Keratoconus is a disorder causing progressive thinning of the cornea. Patients usually present in adolescence or early twenties with blurred vision. An optician will pick up high or increasing astigmatism and refer the patients to the Hospital Eye Service. In addition to blurring of vision, patients may see multiple images, ghosting of images and be abnormally light sensitive. Keratoconus occurs in about 1 in 2000 people and is more common in people of Asian extraction. A family history of keratoconus is present in about 8% of patients.
The underlying cause is unknown, although a defect in the collagen fibrils making up the cornea is likely. A decrease in the number of cells (keratocytes) in the corneal stroma has been reported, the sigificance of which is uncertain.
An ophthalmologist will diagnose keratoconus from corneal changes observed at the slit-lamp and by measuring the shape of the cornea using corneal topography.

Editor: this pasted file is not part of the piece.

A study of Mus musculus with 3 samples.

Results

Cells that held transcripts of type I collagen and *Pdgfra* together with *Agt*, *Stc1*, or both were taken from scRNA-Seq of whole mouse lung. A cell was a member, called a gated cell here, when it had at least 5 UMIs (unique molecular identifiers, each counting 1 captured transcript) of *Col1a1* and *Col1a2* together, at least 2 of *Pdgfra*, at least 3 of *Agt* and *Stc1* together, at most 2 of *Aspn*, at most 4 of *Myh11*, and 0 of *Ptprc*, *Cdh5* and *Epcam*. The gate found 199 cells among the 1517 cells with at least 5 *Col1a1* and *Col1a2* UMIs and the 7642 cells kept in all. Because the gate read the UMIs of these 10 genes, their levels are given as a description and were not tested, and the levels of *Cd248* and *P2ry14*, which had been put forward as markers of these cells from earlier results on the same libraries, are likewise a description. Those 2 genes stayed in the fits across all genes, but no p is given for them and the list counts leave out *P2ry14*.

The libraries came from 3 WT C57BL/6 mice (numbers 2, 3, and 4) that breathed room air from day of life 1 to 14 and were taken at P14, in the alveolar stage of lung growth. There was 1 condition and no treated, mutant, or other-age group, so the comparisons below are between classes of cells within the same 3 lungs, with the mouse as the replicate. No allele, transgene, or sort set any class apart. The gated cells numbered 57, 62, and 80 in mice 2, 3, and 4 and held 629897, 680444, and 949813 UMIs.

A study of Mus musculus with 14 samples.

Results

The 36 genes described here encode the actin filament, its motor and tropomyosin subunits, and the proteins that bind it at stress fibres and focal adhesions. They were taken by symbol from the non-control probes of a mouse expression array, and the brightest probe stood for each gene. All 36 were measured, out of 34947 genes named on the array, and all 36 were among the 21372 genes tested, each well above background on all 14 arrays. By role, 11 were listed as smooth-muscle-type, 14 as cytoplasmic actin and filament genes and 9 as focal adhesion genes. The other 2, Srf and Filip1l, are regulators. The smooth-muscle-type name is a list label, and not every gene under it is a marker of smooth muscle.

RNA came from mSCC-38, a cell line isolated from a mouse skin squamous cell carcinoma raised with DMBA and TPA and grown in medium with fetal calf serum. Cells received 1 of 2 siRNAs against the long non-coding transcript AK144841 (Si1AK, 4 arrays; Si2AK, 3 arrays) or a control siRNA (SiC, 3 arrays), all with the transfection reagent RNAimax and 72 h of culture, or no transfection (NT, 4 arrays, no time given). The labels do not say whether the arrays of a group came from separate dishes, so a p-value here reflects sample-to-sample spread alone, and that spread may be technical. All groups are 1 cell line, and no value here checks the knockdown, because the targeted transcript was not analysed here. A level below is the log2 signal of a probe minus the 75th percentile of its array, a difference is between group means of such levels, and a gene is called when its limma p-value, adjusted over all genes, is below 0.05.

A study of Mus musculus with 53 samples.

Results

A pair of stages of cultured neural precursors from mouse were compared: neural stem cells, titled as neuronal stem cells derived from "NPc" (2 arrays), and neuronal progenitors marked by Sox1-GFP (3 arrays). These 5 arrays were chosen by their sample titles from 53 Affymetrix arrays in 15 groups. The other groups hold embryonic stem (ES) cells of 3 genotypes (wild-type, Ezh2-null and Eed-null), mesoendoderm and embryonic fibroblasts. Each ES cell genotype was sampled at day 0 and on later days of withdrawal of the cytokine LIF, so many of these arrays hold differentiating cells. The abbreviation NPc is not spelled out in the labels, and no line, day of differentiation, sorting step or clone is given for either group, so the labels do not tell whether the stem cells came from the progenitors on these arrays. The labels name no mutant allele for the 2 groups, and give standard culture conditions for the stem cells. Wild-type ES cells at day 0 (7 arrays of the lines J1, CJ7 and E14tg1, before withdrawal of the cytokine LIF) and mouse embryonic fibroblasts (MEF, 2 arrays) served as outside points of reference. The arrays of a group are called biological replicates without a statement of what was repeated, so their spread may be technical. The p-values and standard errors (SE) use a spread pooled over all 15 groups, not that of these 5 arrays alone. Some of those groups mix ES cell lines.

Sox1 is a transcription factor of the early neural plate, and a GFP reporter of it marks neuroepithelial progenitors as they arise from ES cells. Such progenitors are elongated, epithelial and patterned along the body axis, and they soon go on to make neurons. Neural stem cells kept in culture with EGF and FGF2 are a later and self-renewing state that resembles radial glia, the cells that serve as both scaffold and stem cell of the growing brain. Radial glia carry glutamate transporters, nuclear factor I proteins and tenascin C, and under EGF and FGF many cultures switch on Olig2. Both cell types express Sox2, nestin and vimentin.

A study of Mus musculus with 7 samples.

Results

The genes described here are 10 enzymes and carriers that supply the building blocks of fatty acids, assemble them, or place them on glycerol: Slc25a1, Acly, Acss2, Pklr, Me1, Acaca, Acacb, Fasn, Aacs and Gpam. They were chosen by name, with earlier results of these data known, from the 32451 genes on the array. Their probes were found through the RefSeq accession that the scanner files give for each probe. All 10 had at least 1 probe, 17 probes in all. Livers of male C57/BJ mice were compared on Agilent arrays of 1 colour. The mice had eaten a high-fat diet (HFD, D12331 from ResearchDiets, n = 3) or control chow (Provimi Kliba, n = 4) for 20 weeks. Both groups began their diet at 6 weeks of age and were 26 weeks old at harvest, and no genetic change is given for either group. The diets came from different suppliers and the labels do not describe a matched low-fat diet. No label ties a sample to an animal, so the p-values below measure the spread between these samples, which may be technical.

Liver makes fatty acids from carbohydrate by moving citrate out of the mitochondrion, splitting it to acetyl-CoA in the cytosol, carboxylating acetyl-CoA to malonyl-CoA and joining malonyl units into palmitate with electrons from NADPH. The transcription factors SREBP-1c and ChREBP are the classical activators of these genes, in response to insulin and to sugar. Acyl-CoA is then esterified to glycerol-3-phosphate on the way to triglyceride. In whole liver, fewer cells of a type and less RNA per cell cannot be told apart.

Most patients only need glasses to correct their astigmatism. As this increases, patients may require gas-permeable contact lenses to see clearly. These are semi-rigid and need a bit of time to get used to. The reason they work better than soft lenses is that light is refracted by the rigid front end of the lens (which doesn’t mold to the irregular corneal surface like a soft lens) and the corneal irregularities behind the lens are filled in by tears. Unfortunately, not everyone can tolerate gas-permeable lenses. Alternatives at this stage include Intacs Ring Segments and corneal graft surgery. This may be either partial thickness (deep anterior lammellar graft) or full-thickness (penetrating keratoplasty). The latter generally results in better vision but carries a greater theoretical risk of rejection. Newer treatments which offer to stabilise the shape of the cornea (corneal cross-linking treatment) are becoming available and may reduce the need for corneal graft surgery. Our experience of these is currently limited, but they show great promise.
Factors at presentation predicting likelihood of corneal graft
i) Young age at presentation (15% for patients 40 years old and younger)
ii) Steeper cornea (28% for eyes with a steep keratometric value greater than 52 diopters)
iii) Worse visual acuity (33% for visual acuity less than 6/12)
iv) Presence of corneal scarring (24%)
v) Contact lens discomfort
Overall, 12% of newly diagnosed patients followed for 8 years required corneal graft surgery (American Journal of Ophthalmology 2006).